Kennett Old Timers Baseball Association inducts eight new members to its Hall of Fame
By Steven Hoffman
On Saturday, at the 40th banquet of the Kennett Old Timers Baseball Association, eight new names were added to the list of local players who have been selected for the organization’s Hall of Fame because they excelled in the game during high school and beyond.
After a buffet dinner and social hour at the Kennett Fire Company Red Clay Room, Corey Anderson, Curtis Glasco, Bob Gottschall, Todd Haines, Steve Hands, Scott Hoffman, Steven Lam and Mark Unruh were presented with plaques signifying their membership in the prestigious group by Master of Ceremonies Doug Sterling, himself a 2015 member of the Hall of Fame.
Through the years, more than 300 players have been honored as hall of famers and their names are inscribed on plaques which are displayed at Burton’s Barber Shop on State Street in Kennett Square. Among those who have been named are some who made it into the minor leagues, a host of local coaches, and a large percentage of the local Grey Sox team that featured black players.
The induction ceremony is traditionally held in mid-January, and through the years has held up its head through snow, sleet, rain and ice. This year’s event stood up to a miserable mix of freezing rain, snow and wet rain.
In the early hours before guests were to arrive, Kennett Old Timers Baseball Association President Bob Burton wondered out loud how the conditions on the roads would affect attendance. He feared many would decide against braving the trip.
His fears were for naught, however, as virtually all of the tables were full with eight or so guests at each.
Many of the guests echoed what former Kennett High School Baseball Coach Tim Skiles explained. He said he heard the weather report and had almost decided to stay home. Then he told himself that there would probably be a lot of his old friends there, and he set out – successfully – for the banquet.
Indeed, there were few, if any, no-shows. They all came, as they have in previous years, with the anticipation of spring training but a month away.
By the end of the evening, the snow and sleet had turned to rain, and there were no weather-related incidents reported.
Also honored at the banquet was Prissy Roberts, a 52-year resident of Kennett Square who has been working with Burton on the banquet since 1999. She first volunteered to help out with the banquet after seeing all the memorabilia and local baseball history on the walls of Burton’s Barber Shop. She has been the backbone of the organization, gathering inductee information, overseeing the details of the banquet, gathering raffle donations, and handling the public relations.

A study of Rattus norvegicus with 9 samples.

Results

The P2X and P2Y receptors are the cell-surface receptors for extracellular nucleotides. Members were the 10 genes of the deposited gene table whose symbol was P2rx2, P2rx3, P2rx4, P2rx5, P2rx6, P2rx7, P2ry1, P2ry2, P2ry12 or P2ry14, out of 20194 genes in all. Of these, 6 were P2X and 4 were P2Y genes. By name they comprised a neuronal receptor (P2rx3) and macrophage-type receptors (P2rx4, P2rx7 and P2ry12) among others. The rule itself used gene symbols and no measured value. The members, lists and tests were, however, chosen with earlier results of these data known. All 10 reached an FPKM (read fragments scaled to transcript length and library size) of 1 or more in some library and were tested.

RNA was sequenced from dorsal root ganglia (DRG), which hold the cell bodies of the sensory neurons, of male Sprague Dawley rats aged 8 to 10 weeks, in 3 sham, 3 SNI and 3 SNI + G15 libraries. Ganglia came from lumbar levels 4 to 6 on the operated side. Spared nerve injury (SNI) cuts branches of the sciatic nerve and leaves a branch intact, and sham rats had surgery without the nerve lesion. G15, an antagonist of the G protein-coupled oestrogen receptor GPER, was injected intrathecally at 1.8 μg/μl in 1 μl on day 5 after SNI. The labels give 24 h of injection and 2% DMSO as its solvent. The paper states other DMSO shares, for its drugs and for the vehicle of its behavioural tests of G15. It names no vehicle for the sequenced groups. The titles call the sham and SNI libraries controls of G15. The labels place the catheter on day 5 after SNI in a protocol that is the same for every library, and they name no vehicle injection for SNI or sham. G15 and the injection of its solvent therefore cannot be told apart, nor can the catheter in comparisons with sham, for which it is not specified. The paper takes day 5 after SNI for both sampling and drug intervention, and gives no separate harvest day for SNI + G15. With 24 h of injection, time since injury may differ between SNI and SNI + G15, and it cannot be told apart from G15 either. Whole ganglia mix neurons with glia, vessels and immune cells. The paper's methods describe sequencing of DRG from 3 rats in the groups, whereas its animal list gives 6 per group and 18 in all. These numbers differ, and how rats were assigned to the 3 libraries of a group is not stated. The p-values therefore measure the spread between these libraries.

Burton said she is that and much more.
When the annual event was starting to falter in 1994, she led others in resurrecting it, and it has been a major Kennett Square event ever since. Each year, the banquet attracts more than 200 and often 300 guests.
Each year, a guest speaker of note addresses the audience. Many of them have been Philadelphia Phillies players, coaches, or announcers. Guest speakers have included Richie Ashburn, Dick Allen, Mickey Morandini and Charlie Manuel.
This year’s speaker was former Phillies relief pitcher Dickie Noles. He played for the Phillies in 1980, and helped them win their first World Series that year. Noles now works in public relations for the Phillies, but in his years of service he has also been an advocate for addressing alcoholism. Noles said he has been in recovery since 1983.
Noles also told his audience that he is pleased to be a frequent visitor to southern Chester County, and he plays golf at the local courses.
He said he has been especially inspired by his work with the Sunshine Foundation, which entertains and is involved with children who face serious health challenges.
It has taught him, he said, “If we live life abundantly, it’s a success.”
When he was asked about how he thinks the Phillies will do in 2020, he said, “We need pitching, but there are good pitchers in the minors.”
He was also asked what advice he had for young people hoping to enter baseball in their adulthood.
He said he is concerned that young pitchers are pushed from an early age to throw harder and harder. Ultimately, they hurt their shoulders. He said they should not be centering on one skill, and he blames statisticians for evaluating pitchers solely on the speed of their fastballs.
The Kennett Old Timers Baseball Association was created in 1974 through the efforts of Howard Lynn, Bat Burton, Donald McKay, Donnie Davenport, Lou Mandich, John Moynihan, Gordon Farquhar and Joe Husband. The Philadelphia Phillies have supported the 40 banquets with well-known speakers through the years. Burton’s Barber Shop is the home of the association, where pictures and plaques of baseball memorabilia are always on display.